India and Pakistan were very near to a framework agreement on the Kashmir issue through back-channel talks during the previous Congress-led regime and it can be put to use by the new regimes in the two countries, former Pakistani foreign minister Khurshid Mahmud Kasuri said .
Interacting with a select group of media persons here about his forthcoming book titled “Neither hawk, nor dove”, Kasuri said the new governments in India and Pakistan can take forward the framework by giving it a new name-tag.
“Try hard as they may, they can’t change it. Both states know each other’s bottomline,” he said.
Kasuri said the book has a chapter on the four-point Kashmir framework. “We were very near (to agreement).”
Kasuri, who was Pakistan’s foreign minister 2002-07 and is a senior leader of cricketer-turned politician Imran Khan’s Pakistan Tehreek-e-Insaf party, said he had seen the negotiations on the framework from close quarters and witnessed the exchange of drafts.
“It went on for three years,” he said.
Kasuri said the framework was such that the leadership on both sides thought they could convince the majority of their people as also vast sections of people in Kashmir.
Kasuri said former US secretary of state Henry Kissinger had used the term “balanced dissatisfaction” in terms of the Ukraine crisis, but India and Pakistan’s back channel talks were trying to achieve more.
“We were trying to achieve more than balanced dissatisfaction,” he said.
Kasuri said only top military and foreign office authorities from Pakistan apart from then president Pervez Musharraf were in the know of the framework.
“Manmohan Singh was equally secretive. No one wanted a negative spin,” he said.
He said the book narrates “what we agreed on, what led to it, what pressures were there on us, what were we facing, what were we being told”.
Kasuri said he had dealt with three Indian foreign ministers – Yashwant Sinha, Natwar Singh and Pranab Mukherjee – and had a continuous view.
He said only a few people can draw a complete picture of the Kashmir framework, including Musharraf, Manmohan Singh and Satinder Lambah, India’s special envoy who was part of the back channel talks.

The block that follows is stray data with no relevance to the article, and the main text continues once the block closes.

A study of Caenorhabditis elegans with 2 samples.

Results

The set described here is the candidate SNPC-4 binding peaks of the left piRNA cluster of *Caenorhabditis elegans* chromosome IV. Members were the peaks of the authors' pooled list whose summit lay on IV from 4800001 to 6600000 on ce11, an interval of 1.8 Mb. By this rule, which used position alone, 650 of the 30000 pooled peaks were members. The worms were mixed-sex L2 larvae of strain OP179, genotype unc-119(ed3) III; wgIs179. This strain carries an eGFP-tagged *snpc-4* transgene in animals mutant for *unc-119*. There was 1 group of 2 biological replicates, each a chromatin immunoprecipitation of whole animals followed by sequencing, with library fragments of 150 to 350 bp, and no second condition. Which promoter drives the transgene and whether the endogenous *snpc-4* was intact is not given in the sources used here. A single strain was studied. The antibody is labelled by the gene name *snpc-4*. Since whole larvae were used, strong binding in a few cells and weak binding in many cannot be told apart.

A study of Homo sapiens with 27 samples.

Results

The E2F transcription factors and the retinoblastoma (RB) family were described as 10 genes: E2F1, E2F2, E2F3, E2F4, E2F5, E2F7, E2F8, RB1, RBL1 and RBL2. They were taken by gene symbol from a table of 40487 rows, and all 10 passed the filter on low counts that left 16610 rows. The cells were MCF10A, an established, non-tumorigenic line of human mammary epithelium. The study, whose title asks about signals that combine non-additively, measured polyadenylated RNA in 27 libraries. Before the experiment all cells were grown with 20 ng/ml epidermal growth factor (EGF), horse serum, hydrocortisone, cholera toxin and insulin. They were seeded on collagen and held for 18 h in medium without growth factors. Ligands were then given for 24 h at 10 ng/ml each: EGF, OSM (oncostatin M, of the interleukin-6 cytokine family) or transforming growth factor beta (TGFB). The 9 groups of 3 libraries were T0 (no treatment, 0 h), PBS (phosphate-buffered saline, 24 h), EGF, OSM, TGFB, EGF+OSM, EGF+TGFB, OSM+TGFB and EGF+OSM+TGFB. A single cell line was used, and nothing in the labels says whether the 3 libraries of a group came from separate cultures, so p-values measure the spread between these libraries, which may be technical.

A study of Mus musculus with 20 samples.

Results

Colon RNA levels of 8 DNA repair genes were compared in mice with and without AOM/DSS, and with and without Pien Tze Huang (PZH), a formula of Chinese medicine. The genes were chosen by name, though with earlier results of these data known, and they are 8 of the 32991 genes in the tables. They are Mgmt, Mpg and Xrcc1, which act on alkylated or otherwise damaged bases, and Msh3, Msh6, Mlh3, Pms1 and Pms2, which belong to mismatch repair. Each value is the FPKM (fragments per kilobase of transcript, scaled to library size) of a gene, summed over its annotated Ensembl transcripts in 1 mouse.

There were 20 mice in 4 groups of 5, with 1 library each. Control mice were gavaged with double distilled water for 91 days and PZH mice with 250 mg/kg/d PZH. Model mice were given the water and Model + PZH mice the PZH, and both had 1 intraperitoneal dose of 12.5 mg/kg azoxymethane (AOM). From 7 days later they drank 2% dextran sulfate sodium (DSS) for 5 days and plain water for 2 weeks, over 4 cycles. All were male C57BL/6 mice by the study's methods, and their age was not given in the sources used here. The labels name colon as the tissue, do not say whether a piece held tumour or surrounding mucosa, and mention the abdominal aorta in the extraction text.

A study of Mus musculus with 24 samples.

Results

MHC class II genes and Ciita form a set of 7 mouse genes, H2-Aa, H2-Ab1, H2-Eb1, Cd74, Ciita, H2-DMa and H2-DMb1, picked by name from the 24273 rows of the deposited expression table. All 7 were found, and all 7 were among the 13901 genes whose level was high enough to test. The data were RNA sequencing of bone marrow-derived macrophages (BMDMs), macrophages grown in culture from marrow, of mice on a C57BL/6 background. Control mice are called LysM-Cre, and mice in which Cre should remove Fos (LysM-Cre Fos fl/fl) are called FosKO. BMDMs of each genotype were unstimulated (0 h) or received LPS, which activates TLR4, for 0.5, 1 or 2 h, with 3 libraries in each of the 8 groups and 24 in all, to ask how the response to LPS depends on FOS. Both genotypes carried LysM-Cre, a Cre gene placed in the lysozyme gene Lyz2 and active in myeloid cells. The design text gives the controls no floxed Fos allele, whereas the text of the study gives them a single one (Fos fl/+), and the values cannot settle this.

Kasuri said he wished Manmohan Singh had visited Pakistan in 2006 to sign an agreement on Sir Creek as it would have also paved the way for the agreement on Kashmir.
Speaking of the Kashmir framework, he said Indians wanted reciprocity on everything and their bottom line was that there would be no change in geographic frontiers.
He said Kashmiris did not want their state to be split.
According to a published account of the framework agreement, the first step was to make the Line of Control (LoC) just ‘a line on a map’.
The second step was to strengthen local self-governments on both sides of the LoC.
The third step entailed creation of joint or cooperative institutions under the charge of Kashmiri leaders to coordinate policies on matters of common interest.
The fourth and final element was ‘agreed withdrawal’ of troops on both sides.
Kasuri said he had suggested his book’s title as “Interrupted symphony” but his publishers came up with a new title which was acceptable to him.
He said the book also talks about things that have gone wrong in Pakistan.
He said there were some distortions in history and Pakistan was the inheritor of the Indus Valley civilisation and should take ownership of it.
“I have tried to give a hard message. I am a politician. I am a realist,” he said.
He said India had great potential but it can be achieved only if there was peace. “Meeting of hearts (is needed). Meeting of arms will achieve nothing.”
Kasuri said politicians from either side should refrain from display of one-upmanship.
“India bashing or Pakistan bashing, no politician should play to win votes,” he said.
He also favoured greater people-to-people interaction and opening both sides to each other’s films and TV serials.
Kasuri is in Delhi to take part in a track-II dialogue that also involves Congress leader Mani Shankar Aiyar and BJP leader Yashwant Sinha.